Four high school students gathered around a table early last month, opening envelopes to reveal what looked like postcards from Florida, California, Delaware, Michigan and Russia, among other places.
“It's like Christmas two weeks early,” said freshman Spencer Brown.
The students weren't examining postcards, but instead cards stamped with call signs from amateur radio operators from around the United States and overseas. The students, members of the Basehor-Linwood High School Amateur Radio Club, had talked with each of the operators using radios set up in front of the high school about six weeks before.
The club was established this school year, sponsored by BLHS special education teacher Forrest Brandt and supported by members of the Pilot Knob Amateur Radio Club of Leavenworth. In a time when people can communicate instantly over long distances via the Internet or cell phones, the young amateur radio operators — or “hams,” as operators call themselves — at BLHS are embracing an older mode of communication that allows them to meet people around the world and learn valuable skills.
Getting Into Radio
Beginning Saturday, the Santa Fe Trail Amateur Radio Club will offer a beginning amateur radio class at the Johnson County District 1 Fire Station, 490 New Century Parkway, in New Century. The classes run from 8:30 a.m. to noon, for six consecutive Saturdays.
“Radio is a great hobby to have,” said course instructor Jim Cessna. “Just like any great hobby, it’s a lot of fun and you can invest a little money in it or a lot, sort of like those who like boating, you can own a canoe or a yacht and still have a great time.”
The course costs $15 for students 16 and younger and $30 for all others. Pre-registration is preferred; registration forms may be picked up at the De Soto library, but students will be accepted on the first day of class as well. For more information, contact Cessna at 913-782-4107 or at firstname.lastname@example.org.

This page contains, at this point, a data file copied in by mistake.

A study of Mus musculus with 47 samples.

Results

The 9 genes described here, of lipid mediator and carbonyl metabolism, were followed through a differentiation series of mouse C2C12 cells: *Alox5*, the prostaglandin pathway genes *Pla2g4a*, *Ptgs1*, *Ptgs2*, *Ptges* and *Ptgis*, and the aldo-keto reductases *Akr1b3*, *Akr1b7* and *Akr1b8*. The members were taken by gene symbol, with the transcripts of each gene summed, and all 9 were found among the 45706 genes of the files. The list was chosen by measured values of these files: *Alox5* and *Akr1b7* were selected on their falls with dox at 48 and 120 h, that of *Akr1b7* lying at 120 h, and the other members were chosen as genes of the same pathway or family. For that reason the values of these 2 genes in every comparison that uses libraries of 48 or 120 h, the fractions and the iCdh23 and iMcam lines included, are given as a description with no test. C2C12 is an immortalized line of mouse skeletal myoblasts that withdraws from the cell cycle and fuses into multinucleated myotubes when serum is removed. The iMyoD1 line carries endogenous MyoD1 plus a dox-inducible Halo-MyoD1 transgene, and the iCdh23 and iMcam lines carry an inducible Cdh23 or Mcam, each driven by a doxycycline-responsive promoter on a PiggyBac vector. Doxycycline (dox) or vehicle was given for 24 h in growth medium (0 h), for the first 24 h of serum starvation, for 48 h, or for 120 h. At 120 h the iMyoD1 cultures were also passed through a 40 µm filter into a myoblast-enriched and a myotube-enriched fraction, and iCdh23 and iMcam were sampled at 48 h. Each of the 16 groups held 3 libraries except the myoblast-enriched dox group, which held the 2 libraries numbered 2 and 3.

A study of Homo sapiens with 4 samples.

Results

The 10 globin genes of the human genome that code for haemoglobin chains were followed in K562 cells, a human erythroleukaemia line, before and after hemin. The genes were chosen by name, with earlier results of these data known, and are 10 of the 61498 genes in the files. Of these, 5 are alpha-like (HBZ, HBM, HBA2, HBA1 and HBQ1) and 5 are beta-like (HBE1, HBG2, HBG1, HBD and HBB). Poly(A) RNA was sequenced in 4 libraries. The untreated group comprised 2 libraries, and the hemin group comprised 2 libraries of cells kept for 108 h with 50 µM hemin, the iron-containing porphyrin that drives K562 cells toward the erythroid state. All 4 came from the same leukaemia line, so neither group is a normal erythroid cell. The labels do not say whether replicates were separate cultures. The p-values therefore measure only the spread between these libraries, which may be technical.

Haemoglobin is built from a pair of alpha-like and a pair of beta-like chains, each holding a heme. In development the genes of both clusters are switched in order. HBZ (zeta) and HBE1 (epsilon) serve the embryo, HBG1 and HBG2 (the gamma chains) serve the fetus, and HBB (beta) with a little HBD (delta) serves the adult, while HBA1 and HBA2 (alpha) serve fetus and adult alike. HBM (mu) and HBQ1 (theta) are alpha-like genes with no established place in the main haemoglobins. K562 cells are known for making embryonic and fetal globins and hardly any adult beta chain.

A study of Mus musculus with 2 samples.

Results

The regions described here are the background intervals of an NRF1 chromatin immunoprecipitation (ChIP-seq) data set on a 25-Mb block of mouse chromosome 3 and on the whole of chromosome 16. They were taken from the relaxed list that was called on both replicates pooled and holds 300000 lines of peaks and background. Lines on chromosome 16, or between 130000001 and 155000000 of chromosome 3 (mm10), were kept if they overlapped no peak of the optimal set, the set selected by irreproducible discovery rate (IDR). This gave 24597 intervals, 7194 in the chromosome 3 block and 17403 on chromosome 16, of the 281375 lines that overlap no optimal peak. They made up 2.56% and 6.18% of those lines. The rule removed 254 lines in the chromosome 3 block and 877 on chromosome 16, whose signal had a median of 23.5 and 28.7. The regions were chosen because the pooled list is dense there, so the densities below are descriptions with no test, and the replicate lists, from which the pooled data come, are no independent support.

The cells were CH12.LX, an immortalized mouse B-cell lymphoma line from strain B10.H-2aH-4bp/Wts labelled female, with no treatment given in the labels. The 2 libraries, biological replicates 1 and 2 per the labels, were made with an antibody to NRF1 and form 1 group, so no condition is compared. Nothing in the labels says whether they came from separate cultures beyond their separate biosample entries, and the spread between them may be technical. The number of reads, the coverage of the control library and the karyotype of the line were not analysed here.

The group's first event was the School Club Roundup, a weeklong event in October sponsored by the American Radio Relay League, a national amateur radio organization. The students spent the week contacting as many other operators around the world as they could, using radios and a 33-foot-tall antenna provided by Bob Kimbrell, a member of the Pilot Knob club.
About 20 students got into the action.
“It was pretty cool,” said freshman Jacob Hall. “I don't otherwise get to talk to people outside of Kansas.”
Freshman Jacob Zamora said he was used to chatting with people from other places online, but actually speaking with them through the microphone made him a bit nervous.
“I was scared to speak to people,” Zamora said. “I'm used to typing to them. So I stuttered.”
But Kimbrell butted in with words of encouragement: “You did great.”
Over the course of the week, the students made contact with more than 50 operators in 23 states, as well as Russia, the Czech Republic and Ontario, Canada. Some operators were with other clubs participating in the event, while others just happened to hear the BLHS club's calls.
One operator they reached was broadcasting from near the Kennedy Space Center in Florida, where he works as a space shuttle technician. Another was broadcasting under the Gateway Arch in St. Louis to celebrate the arch's 45th anniversary.
Afterward, the students sent cards to each operator, complete with a sketch of the BLHS building drawn by freshman Nathan Lucas, asking them to send cards back in return. About half of them replied.
Students in the club said they joined because it sounded fun, but the hobby has several practical applications, as well. Brown said the technology would provide a “failsafe” in case of a particular kind of emergency.
“If the zombie apocalypse happens, you designate your own frequency and then stick with it, and it never fails,” he said.
Brown was joking, of course, but Kimbrell said he had a point. Radio communication is quite stable, he said, because it is not tied down by wires, towers or satellites like other modes of communication. The infrastructure required is the earth's ionosphere.
In fact, according to the ARRL, the Federal Communications Commission first began granting amateur radio licenses to establish a network of communications experts who could spring to action in case of an emergency.
Even if they're never called upon in case of zombies, amateur radio operators also pick up skills in mathematics and science that are attractive to employers in engineering and other fields, Kimbrell said. Amateur radio enthusiasts often educate themselves about the technical workings of the equipment they use and the radio waves they send out, he said.
“It's really an elite group of scientific-minded people,” Kimbrell said. “That's what makes it such an interesting hobby.”
Kimbrell said he first jumped into amateur radio at age 13 when he strapped a radio to the handlebars of his Schwinn Continental bicycle as he ran a paper route, and his experience helped him land a job with a California utility company where he worked for 25 years.
“Radio to me has always been kind of a magic thing,” Kimbrell said. “You can take a tiny amount of power and send it halfway across the globe.”